This book was published fifty years ago in 1968 as Le Système des Objets. It was a doctoral dissertation, examined by Roland Barthes, Pierre Bourdieu and Henri Lefebvre. That fact is surprising since the book is written in the style of (French) higher journalism or belles lettres – think Roland Barthes Mythologies – with no bibliography or index and very few footnotes. Maybe the dissertation was made suitable for popularisation by taking out all the usual apparatus. Most of the few footnotes refer to American works of the 1950s and 1960s which address themselves to the understanding of “consumer society” and which Baudrillard had read in English – in itself, rather unusual at the time. Vance Packard figures prominently.
Vance Packard was an author I was given as supplementary reading in 1963 - 64 as a sixteen year old grammar school pupil in England. I have found my handwritten review of The Hidden Persuaders which lists its implications for neo-classical economics. So advertising seeks to make demand less income and price elastic, thus raising average revenue curves (I summarise); advertising also makes Says Law (“supply creates its own demand”) true and postpones indefinitely the onset of diminishing marginal utility; advertising distorts resource allocation, distorts consumer choice, and undermines consumer rationality.
Though these may be implications of Packard’s work, Packard was writing popular social psychology / sociology not economics. I have simply put his book into relation with my “A” level Economics syllabus and re-framed the material.
Baudrillard puts Packard through the laundry of Parisian thought. The result is sometimes straightforwardly derivative, notably of Roland Barthes (who is very occasionally cited). For the rest, the washing powder is provided by a very generalised “Freud and Marx” who are rarely named and maybe only once (page 203) more precisely referenced. A cultural collusion between author and presumed reader exists in the very simple assumption that everyone will know what you are talking about and that everyone will assume with you that it is all true. A reasonable assumption in 1960s Paris. That it is now a period piece is perhaps attested by the fact that this 1996 translation was financially assisted by the French Ministry of Culture.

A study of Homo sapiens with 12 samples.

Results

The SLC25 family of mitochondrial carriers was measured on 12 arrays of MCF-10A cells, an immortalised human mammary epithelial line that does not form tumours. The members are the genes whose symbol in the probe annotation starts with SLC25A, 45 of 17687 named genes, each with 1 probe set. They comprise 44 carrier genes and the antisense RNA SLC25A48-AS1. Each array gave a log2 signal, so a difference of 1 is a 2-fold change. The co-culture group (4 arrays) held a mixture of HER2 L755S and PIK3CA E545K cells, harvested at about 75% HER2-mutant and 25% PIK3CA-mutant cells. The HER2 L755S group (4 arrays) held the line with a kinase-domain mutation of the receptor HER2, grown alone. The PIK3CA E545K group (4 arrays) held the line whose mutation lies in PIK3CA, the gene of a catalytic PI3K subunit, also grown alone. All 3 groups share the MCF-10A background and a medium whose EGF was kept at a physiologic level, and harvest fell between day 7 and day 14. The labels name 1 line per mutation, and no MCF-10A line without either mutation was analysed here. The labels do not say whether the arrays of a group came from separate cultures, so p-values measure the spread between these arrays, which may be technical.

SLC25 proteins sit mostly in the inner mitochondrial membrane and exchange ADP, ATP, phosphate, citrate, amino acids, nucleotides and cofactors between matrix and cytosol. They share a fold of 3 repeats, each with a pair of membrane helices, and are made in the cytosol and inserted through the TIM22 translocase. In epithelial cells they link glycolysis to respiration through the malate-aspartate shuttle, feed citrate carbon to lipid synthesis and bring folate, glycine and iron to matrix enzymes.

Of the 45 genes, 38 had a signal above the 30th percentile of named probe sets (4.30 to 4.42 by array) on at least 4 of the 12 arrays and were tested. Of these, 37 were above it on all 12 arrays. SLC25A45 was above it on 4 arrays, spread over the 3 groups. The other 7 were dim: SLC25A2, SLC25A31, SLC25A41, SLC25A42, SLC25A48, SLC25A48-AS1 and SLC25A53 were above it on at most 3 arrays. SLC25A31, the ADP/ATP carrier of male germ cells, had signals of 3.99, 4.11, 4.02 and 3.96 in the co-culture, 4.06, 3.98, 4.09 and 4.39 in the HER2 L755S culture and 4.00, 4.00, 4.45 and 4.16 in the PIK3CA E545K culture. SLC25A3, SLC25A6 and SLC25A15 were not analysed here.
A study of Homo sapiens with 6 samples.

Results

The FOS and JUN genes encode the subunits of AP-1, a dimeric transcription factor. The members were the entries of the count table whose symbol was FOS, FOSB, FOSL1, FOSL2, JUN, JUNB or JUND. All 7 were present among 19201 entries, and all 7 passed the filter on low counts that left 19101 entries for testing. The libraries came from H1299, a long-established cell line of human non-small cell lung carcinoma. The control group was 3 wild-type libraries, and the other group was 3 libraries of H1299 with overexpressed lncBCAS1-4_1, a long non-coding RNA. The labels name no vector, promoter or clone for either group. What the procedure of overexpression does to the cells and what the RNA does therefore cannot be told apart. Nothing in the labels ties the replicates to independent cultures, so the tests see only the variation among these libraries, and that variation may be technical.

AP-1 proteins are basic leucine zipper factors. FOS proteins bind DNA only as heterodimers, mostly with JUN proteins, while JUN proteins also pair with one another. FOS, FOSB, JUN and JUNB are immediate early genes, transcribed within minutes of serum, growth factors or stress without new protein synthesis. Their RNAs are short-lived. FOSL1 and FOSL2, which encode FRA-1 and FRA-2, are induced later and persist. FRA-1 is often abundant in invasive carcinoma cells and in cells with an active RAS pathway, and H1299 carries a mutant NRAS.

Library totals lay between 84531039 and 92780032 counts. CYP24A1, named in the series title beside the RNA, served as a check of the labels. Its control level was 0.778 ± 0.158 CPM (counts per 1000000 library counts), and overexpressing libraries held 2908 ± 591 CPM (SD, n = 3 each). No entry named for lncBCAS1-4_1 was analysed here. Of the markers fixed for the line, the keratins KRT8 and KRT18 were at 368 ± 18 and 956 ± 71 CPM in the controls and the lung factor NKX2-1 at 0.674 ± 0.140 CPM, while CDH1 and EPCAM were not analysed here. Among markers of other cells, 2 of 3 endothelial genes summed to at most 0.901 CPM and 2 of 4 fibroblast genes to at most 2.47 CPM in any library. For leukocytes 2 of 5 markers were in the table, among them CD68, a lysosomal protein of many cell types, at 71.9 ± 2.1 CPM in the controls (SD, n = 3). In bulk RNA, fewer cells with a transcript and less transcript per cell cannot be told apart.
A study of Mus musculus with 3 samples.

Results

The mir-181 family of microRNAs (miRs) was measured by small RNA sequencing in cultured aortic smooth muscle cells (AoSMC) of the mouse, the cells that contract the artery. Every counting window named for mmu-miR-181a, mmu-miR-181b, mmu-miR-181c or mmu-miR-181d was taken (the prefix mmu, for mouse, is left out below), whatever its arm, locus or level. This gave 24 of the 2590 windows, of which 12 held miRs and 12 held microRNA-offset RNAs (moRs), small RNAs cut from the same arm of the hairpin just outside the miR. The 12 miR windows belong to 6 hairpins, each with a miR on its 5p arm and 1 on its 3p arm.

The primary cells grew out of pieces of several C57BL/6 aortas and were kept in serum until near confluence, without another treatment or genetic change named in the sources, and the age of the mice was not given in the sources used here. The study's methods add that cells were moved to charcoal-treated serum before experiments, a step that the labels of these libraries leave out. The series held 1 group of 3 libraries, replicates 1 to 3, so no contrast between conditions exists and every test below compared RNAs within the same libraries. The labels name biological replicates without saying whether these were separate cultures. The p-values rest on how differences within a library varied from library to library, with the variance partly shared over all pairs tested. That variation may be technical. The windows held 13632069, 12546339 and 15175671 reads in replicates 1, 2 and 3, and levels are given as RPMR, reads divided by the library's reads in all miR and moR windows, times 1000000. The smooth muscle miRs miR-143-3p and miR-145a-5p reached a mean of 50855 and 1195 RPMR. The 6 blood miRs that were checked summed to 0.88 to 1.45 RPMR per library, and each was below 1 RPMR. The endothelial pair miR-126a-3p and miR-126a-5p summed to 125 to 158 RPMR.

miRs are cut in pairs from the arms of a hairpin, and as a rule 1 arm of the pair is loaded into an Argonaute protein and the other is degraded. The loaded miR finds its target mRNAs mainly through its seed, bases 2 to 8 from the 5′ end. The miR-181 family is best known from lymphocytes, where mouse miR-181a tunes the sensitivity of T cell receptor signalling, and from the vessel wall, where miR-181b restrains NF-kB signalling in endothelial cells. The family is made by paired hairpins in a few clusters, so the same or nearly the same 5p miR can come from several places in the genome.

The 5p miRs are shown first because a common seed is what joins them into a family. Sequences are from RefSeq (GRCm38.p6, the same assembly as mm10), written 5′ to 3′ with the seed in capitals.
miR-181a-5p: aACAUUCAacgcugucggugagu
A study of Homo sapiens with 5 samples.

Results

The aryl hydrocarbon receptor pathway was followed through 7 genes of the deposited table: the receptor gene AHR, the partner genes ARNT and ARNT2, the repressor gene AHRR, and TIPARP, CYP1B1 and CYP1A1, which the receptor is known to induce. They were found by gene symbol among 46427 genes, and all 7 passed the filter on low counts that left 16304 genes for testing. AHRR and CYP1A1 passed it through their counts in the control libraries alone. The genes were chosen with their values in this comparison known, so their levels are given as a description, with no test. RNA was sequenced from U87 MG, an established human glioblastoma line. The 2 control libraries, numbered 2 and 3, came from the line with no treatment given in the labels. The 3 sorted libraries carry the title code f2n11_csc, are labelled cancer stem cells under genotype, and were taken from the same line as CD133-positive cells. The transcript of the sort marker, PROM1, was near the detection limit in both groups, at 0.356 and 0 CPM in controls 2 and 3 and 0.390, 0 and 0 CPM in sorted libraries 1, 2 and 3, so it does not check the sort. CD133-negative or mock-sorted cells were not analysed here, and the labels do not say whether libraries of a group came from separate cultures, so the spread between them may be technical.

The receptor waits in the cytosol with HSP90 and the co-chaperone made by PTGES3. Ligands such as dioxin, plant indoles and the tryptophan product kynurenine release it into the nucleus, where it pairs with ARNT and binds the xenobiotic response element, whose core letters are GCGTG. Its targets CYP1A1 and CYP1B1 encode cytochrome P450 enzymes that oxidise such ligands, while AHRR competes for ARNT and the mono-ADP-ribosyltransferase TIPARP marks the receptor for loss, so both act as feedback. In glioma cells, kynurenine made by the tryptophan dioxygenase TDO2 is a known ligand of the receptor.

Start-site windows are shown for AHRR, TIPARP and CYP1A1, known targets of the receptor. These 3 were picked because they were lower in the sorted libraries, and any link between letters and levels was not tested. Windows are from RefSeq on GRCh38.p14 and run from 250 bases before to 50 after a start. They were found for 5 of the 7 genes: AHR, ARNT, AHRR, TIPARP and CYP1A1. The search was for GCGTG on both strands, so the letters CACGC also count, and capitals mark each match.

The trouble with the laundry work is that the result is a very diffuse and essayistic text. It’s undoubtedly full of ideas but you would need an eight week seminar course to go through it, pick out main themes, and subject them to scrutiny to see if they stand up and cohere. I’m not going to do that here.
At some point in the distant past I owned copies of the French paperback of this book (with a flat iron on the cover) and of its successor Pour Une Critique de l’Economie Politique du Signe (1972). In the early seventies, Penguin sent me a copy of one of these books – I forget which though I suspect the latter – and asked my opinion on whether it was worth translating. I can’t find my report, but I know that I answered “No”.
Nearly fifty years later, I can see that the wide sweep of this book has many merits and that along the way Baudrillard does in fact italicise numerous fairly precise claims that he wants to make. Baudrillard is making a serious attempt at understanding what is distinctive of “consumer society”, how it changes human relationships towards objects, how objects move from having primarily use value to having primarily exchange value – not monetary exchange value but exchange value as signs within systems of signification – and how those signs connect to desires and libidinal drives about which Baudrillard is insistent (and in a way which I think would now be less fashionable in a more prudish society).